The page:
In periods of economic uncertainly, investors increasingly flock to bricks and mortar as the safest form of investment. In recent times, residential property has offered unprecedented opportunities for capital growth, and BTL landlords have enjoyed rising rental yields in addition.

Based on your own experience as a homeowner, the step to becoming a residential property investor may not seem all that daunting. After all, it’s just another flat or house to look after. That said, being a landlord is a competitive business and the bigger your portfolio, the more tenants there are to manage, the more buildings there are to maintain and the more involved the entire process can become. Is it still worth doing?

Choosing to invest in a commercial property portfolio may be a smart alternative. Commercial rents can yield attractive returns on your investment, with much less hands-on effort required on your part. Here are some tips on how to make commercial property investment work for you.


The commercial property sector is huge, ranging from retail outlets to warehouses to offices, hotels, hospitals, schools, factories and much more besides. Each sector has different requirements and it doesn’t take a genius to work out that the skillset required to successfully invest and manage each type of commercial property will vary widely. You need to make a choice.

Select an industry that you are familiar with. If your background is in retail or hospitality, chances are that you’ll have a better understanding of what tenants require from the premises than if you purchased an industrial building. Stick with what you know best and build up your knowledge base from there.

  1. Learn to think like your tenants

The more you understand the mindset of your commercial tenants, the more likely you are to make a success of your investment in commercial premises. If you were to consider a residential property purchase, you would be asking important questions regarding location, number of bedrooms, building condition etc. Commercial property decisions are no different.

If you’re thinking of buying retail units, for instance, consider their geographical location, their position within the town/village and where most footfall occurs. Local knowledge can go a long way, so focus your search in an area you know, or obtain solid, trusted advice from a local surveyor to identify the best opportunities.

  1. Work with a good commercial surveyor

Property agents are a good source of local information for what is available in the marketplace, but their focus is on closing the deal. If you think you’ve found the right property – and especially if you’ve found a bargain – it is absolutely essential that you instruct a surveyor to take a close look at the asset. Caveat emptor (buyer beware) applies to all property transactions, so don’t take the risk of buying blind and hoping no nasty (and invariably costly) surprises crop up once you have the keys.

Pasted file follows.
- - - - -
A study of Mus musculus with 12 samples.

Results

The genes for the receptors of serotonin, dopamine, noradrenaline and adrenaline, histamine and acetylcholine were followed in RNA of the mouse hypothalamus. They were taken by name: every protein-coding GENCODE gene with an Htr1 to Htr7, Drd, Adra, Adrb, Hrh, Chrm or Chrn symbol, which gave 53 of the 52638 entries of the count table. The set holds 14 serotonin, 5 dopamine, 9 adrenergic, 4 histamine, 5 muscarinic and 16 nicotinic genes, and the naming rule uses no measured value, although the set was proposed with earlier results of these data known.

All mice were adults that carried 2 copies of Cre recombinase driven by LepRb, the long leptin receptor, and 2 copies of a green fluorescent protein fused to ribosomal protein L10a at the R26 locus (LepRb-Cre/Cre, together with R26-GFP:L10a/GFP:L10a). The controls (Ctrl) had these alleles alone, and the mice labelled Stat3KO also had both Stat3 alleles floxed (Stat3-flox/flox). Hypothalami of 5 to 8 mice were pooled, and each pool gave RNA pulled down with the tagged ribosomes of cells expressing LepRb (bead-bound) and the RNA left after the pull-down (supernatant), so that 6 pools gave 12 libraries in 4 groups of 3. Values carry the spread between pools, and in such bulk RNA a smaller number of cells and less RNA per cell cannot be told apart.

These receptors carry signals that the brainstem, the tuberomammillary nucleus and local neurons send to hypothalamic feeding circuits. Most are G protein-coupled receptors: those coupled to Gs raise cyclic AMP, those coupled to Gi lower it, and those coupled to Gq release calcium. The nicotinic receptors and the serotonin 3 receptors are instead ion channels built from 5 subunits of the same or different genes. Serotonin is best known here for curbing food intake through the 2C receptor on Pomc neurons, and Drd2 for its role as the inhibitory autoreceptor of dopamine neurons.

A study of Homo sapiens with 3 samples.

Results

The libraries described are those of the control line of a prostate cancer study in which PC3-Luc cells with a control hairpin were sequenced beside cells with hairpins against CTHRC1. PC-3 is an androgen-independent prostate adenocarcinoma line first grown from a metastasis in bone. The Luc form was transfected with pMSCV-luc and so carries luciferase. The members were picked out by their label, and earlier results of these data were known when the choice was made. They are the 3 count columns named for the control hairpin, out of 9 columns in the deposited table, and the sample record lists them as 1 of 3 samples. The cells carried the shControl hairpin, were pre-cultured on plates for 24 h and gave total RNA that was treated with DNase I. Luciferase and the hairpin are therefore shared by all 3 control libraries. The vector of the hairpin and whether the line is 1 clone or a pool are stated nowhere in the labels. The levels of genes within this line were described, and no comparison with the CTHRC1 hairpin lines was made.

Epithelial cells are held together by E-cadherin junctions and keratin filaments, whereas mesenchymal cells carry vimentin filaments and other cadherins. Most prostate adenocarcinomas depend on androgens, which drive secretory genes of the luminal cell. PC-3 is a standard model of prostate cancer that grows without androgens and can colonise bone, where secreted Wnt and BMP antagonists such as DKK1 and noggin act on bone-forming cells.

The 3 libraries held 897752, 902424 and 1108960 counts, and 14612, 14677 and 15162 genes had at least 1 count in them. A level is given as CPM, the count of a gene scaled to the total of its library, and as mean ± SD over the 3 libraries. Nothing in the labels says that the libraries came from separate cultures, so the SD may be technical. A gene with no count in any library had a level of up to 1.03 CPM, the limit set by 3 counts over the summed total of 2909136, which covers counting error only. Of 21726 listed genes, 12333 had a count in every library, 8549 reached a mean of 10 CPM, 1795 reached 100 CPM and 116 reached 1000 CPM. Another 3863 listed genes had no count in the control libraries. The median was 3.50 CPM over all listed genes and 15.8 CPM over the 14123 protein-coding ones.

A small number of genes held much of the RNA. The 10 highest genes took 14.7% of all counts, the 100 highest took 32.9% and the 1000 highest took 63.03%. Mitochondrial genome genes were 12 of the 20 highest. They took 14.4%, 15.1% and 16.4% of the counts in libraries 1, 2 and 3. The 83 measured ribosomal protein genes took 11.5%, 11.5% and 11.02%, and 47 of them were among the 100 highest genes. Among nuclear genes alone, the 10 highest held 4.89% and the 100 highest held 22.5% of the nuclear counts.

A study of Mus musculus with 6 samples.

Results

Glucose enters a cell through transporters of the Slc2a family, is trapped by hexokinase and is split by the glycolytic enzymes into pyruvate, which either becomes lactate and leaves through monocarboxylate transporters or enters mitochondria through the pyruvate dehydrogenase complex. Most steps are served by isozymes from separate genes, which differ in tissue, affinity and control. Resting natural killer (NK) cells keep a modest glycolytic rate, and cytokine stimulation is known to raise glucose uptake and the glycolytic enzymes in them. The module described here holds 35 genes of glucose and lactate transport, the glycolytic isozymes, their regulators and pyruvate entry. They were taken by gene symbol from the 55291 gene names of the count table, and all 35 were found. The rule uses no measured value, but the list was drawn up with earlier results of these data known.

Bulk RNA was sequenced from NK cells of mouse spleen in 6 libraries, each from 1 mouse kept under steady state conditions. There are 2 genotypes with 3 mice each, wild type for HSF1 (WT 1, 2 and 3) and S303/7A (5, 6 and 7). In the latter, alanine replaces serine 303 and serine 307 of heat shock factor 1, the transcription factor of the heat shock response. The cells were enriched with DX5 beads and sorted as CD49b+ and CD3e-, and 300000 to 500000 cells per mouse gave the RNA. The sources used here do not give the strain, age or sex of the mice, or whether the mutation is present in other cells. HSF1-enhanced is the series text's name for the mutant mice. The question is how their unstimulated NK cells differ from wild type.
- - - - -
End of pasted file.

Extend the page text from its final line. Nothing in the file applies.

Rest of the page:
Choose a surveyor with solid commercial experience in the type of property you’re thinking of buying. Discuss your plans for the property and your investment strategy to obtain their professional feedback. Ask them to carry out an in-depth, impartial analysis of the building’s physical condition.

“A bespoke commercial property survey is absolutely vital before you purchase or acquire any sort of building. Whether you buy on a freehold or leasehold basis, you become responsible for the maintenance and upkeep of property, so it is essential that you understand the current condition and state of repair before you buy.” Chartered building surveyor, Tim Greenwood.


Good legal advice is key in any property transaction, especially when it comes to potentially complex issues surrounding commercial premises, buildings or land. Instructing a competent commercial conveyancer will ensure that your transaction can proceed with maximum smoothness and speed, whether you’re investing in freehold or leasehold, and any legal issues can be spotted and sorted out before they become an obstacle and hold up proceedings.

Importantly, your solicitor should also have experience in advising in the vast and complex field of commercial leases, providing expert guidance in how to navigate landlord and tenant relationships with regard to leases and licences, rent reviews and renewals, service charges, dilapidations, default and forfeiture, to name a few.

Finally, it’s worth pointing out that no matter how carefully you plan and execute your investment strategy, there’s always a risk that things may not go according to plan. Spreading your options to mitigate any potential risk, and have get-out clauses and a Plan B in place, just in case.